The conflict between Stardock and Fred Ford and Paul Reiche III recently reported here was a little hard to sort through, as Ford and Reiche suggested Stardock has no rights to sell the older Star Control games or use certain Star Control assets, and Stardock indicated they have every right to sell the games and that they have no intention of using the assets in question. Each side has followed up on this to clarify (or possibly further confuse) the situation (thanks Rollory). Fred and Paul have a new blog post making the case for their ownership of rights to sell the older game, saying this was something confirmed by They also say they are working on getting these games removed from Steam, since they are being sold there by Stardock. They also say they have terminated their agreement with and are removing the games from that service as well, though it's not clear how this relates to the Steam situation (our vast team of lawyers is on vacation, and not available to help us understand this). Stardock responds with further thoughts on the right to use game assets, and relevant to the more recent post from Ford and Reiche, says the pair have produced no legal documents to support their claim that they have the rights to sell the older games, while Stardock has signed contracts to that effect. In a more recent post, Stardock's Brad Wardell further discusses the rights to sell the DOS versions of these games. Here are both sides of the story, starting with Fred Ford and Paul Reiche III, aka Toys for Bob, from the Dogar And Kazon blog:

We've decided to stop selling our old games, because:

  1. We think it's necessary to 'clear the decks' to help resolve our definitely-not-harmonious, until-recently-private, months-long conflict with Brad Wardell and his lawyers at Stardock.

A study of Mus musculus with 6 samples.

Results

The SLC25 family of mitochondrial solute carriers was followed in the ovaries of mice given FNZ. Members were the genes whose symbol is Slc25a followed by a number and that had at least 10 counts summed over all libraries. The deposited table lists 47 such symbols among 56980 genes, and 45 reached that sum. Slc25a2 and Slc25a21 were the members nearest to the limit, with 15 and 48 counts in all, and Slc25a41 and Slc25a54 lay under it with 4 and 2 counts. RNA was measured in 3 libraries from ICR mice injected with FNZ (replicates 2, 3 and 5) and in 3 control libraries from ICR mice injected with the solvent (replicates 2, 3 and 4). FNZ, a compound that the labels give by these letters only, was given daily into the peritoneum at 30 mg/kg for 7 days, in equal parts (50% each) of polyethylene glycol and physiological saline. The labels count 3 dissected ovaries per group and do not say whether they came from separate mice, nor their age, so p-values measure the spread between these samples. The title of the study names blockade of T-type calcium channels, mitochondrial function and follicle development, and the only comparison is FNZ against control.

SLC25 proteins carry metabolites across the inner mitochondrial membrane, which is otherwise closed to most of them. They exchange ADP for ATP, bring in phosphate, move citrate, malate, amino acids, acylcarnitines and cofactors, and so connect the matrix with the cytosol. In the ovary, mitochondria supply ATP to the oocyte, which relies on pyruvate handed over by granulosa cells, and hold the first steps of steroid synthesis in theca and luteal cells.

2. The Ur-Quan Masters HD Project is a free, vastly superior experience. Did we mention it's free? Fans have been dedicated to improving UQM for 15 years and it is awesome! Hopefully Star Control I and III will also become available for free in the near future.

Why was it okay to sell the games on GoG, but not on Steam or elsewhere?

The simple answer is because we have had our own direct distribution agreement with GOG since 2011 and no agreement with Stardock or Steam or anyone else. If you're into details, here goes:

  • In April 2011, we learned that Star Control I, II and III had been re-published on Good Old Games (GOG) ó a big surprise since the games hadnít been sold for years and no one had contacted us for permission to do so.
  • We reached out to GOG who said our games had been offered to them by Atari as part of a large batch of older Atari products. We then contacted Atari to let them know that we were the original authors and owners of the copyright to the games and that we had not given permission for them to republish our work. Atari checked with its lawyers and wrote back confirming our claims, apologizing to everyone for the mistake and informing GOG to remove the games from sale and pay any royalties earned to us.
  • Instead we suggested a way that GOG could continue to sell our games. GOG signed separate, independent contracts with: Atari to license the Star Control trademark, and us to license the rights to the games themselves. GOG has been selling the games and paying us directly ever since.
  • In October of this year, history repeated itself when Stardock began selling our games on Steam and elsewhere (even bundled with theirs), again without getting our permission. This time we couldn't come to an agreement, so we asked that Stardock stop bundling and selling the games. They refused, so we've decided to end our 2011 distribution agreement with GOG as a first step to having the games pulled down.

Here's the more recent post from Stardock's Brad Wardell from the Star Control Discussion Board:

Nothing has changed in the sense that the Accolade Star Control games have been digitally distributed for sale since at least 2011 -- years before Stardock was involved.

Paul apparently made similar claims to us as they did in the post and we asked them to show us any documentation to back up that claim, even an email from Atari would have sufficed and they refused.

It's not like the games sell a lot of units. We have a lot of titles available through many channels and the DOS games, admittedly, are not at the top of our priority list. But our publishing team isn't going to just drop products when we have a written and signed agreement. When they brought this up we said that this was a perfect example of why we need some sort of agreement to clear this up.

They seriously need to stop making these kinds of blogs and speak to an IP attorney. This drama is really unhelpful.